Endometriosis can change your life, but it doesn’t mean your life is over. With the right doctor, you can find the treatment that works best for you.
Alex Hayes:Can you define for me what actually is endometriosis?
Todd Jenkins, MD:Very simply, endometriosis is a condition where tissue that looks like the lining of your uterus is somewhere it's not supposed to be. That lining of the uterus goes by the name endometrium. So this is outside the uterus so we give it the name endometriosis.
Anila Ricks-Cord, MD:Some of the tissue that's supposed to be inside the lining of the uterus decides, "Mm, that's nice. I'm not going to do what these other people are doing." And so it actually ends up inside your pelvis. That tissue isn't necessarily just limited to your pelvis. It can travel and invade your bladder. It can invade your bowel. It can invade your diaphragm.
Alex Hayes:Why is that a problem?
Todd Jenkins, MD:As many women know, whenever they're on their cycle, many women get cramping pain, they get bleeding. Well, imagine that occurring at other sites in your body. That causes inflammation. It causes some scarring.
Anila Ricks-Cord, MD:Chicks who have endometriosis have pelvic pain in a whole other way. Some people have pain that only comes when their cycle comes, when that lining dies, and you get these inflammatory changes and some ladies have pain the entire month.
Anila Ricks-Cord, MD:Can you walk me through the symptoms?
Todd Jenkins, MD:We referred to them in medical terms as the three Ds: Dysmenorrhea, which means painful cycles, dyschezia, which many women don't know that it's painful bowel movements, especially when they're on their cycle. And then probably the most distressing to some women is dyspareunia, or pain with intercourse.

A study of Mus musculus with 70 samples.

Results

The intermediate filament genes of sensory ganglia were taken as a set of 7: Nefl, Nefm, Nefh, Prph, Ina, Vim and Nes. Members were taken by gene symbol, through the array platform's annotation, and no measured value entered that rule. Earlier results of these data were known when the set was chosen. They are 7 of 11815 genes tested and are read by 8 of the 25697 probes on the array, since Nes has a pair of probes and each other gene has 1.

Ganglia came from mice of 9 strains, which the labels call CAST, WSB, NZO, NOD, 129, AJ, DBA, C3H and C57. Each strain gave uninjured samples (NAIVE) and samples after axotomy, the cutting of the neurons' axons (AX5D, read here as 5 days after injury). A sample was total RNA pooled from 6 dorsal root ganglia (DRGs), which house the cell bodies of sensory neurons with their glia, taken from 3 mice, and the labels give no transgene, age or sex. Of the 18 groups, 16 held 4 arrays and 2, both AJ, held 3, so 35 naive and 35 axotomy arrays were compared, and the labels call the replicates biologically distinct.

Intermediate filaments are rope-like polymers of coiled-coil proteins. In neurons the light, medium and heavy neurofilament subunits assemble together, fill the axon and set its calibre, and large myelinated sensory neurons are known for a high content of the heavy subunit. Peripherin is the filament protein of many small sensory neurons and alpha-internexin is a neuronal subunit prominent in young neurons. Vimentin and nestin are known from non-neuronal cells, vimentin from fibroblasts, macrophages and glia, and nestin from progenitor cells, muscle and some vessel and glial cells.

Alex Hayes:And once you do come to endometriosis, what are the treatment options?
Anila Ricks-Cord, MD:You want to do whatever you can do in order to be able to decrease your levels of inflammation. So the first go-to are NSAIDs, ibuprofen, exercise plays a role in your perception of pain with endometriosis. And there are supplements that you can take in order to be able to decrease the inflammation that exists inside your personal space.
Todd Jenkins, MD:From a medical perspective, anything that that stabilizes your rate of estrogen works. Estrogen feeds endometriosis. So anything we can do to control that is going to help that. Many women will use an oral contraceptive pill. There are second-line medical treatments. There's a hormone that comes from the brain called gonadotropin-releasing hormone. The other medications we use block the action of that hormone. So it stops feeding the endometriosis, which is our goal.
Anila Ricks-Cord, MD:You approach the patient in a stepwise fashion, looking at what their symptoms are and how they present. And then you work your way through trying to find something that brings them improved quality of life. It's a diagnosis and it's a disease, but it's not the end of the world.
Todd Jenkins, MD:I would say the large majority of women we can get to where they can live their life in health and happiness, and only have endometriosis be something that they have to take care of with a medicine or with some treatment.